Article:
This article was originally published by Radio Free Europe/Radio Liberty and is reprinted with permission.
U.S. President Joe Biden is setting off on his first Middle East trip since taking office, with Iran high on the agenda in his visits with U.S. allies Israel and Saudi Arabia, both bitter rivals of the Islamic republic.
The journey starts on July 13 with a three-day stop in Israel to discuss Western powers’ negotiations with Iran on reviving the landmark 2015 nuclear deal.
Biden, who was President Barack Obama’s vice president when the original deal was struck, has made reviving the nuclear deal a priority of his presidency.
Biden will spend two days in Jerusalem for talks with Israeli leaders then meet with Palestinian President Mahmud Abbas in the occupied West Bank.
Biden will then move on to Saudi Arabia, where he is expected to press for further normalizing of relations between Israel and the Saudis — historic enemies but both also opposing Iran’s moves to increase influence in the region.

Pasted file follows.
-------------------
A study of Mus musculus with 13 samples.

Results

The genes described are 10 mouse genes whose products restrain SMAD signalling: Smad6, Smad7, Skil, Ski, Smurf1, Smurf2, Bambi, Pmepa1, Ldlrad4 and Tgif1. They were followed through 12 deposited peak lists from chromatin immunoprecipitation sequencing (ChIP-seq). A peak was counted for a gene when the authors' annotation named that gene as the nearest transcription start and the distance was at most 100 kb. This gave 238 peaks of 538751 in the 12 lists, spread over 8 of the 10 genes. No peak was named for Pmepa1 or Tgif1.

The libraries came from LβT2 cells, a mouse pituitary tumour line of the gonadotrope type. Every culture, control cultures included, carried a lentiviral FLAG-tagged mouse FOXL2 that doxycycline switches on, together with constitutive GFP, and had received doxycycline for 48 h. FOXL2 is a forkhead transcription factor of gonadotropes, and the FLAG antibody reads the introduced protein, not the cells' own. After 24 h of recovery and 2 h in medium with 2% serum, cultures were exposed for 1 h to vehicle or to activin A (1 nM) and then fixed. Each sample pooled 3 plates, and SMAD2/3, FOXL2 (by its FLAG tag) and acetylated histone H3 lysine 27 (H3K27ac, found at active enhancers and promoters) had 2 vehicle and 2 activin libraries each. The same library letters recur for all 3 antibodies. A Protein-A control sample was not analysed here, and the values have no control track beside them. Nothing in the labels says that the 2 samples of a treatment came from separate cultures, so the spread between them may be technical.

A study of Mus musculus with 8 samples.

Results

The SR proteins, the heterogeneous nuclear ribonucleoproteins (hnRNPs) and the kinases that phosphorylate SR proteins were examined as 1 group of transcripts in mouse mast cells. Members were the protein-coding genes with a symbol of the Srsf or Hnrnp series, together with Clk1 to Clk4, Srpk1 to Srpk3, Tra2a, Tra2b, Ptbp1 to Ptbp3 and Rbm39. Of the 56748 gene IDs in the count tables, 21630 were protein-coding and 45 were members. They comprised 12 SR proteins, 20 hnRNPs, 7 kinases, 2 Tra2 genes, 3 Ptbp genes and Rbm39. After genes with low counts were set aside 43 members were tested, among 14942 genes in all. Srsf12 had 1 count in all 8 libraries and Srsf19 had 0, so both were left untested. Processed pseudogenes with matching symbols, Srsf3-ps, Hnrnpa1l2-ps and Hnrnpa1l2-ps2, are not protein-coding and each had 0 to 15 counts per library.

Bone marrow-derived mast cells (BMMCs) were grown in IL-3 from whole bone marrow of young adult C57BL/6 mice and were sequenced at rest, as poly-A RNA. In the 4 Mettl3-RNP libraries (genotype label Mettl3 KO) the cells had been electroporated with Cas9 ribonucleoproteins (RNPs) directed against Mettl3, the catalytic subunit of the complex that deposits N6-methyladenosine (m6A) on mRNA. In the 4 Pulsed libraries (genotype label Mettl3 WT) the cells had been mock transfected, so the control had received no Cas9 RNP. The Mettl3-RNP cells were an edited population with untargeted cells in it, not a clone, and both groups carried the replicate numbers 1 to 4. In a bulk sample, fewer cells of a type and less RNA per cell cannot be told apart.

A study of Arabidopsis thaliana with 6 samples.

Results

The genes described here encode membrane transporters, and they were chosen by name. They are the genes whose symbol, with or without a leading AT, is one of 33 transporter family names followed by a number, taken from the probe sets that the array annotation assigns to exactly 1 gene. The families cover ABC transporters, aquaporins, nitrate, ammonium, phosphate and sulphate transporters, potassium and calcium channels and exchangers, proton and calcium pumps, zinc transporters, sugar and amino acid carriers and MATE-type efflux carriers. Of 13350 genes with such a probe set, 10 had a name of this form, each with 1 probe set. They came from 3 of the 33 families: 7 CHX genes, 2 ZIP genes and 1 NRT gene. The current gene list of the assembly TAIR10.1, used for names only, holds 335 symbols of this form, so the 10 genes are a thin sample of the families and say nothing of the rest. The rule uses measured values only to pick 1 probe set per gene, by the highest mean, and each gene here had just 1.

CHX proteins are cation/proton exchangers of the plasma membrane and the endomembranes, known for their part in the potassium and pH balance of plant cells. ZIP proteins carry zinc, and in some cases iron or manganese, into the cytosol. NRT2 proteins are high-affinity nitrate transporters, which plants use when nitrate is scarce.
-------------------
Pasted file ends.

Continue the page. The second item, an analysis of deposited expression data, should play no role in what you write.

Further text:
“The fact that President Biden visits Israel and from here will fly directly to Saudi Arabia encapsulates a lot of the dynamics that have been evolving over the last months,” an Israeli official said.
Both Israel and Saudi Arabia oppose moves by Washington to revive the nuclear deal with Tehran.
Biden will visit the Saudi port city of Jeddah on July 15 to meet with King Salman and Crown Prince Muhammad bin Salman.
President Donald Trump had close relations with the Saudis, but those ties have frayed since Biden took office, with his administration taking a harder line on Riyadh’s human rights record.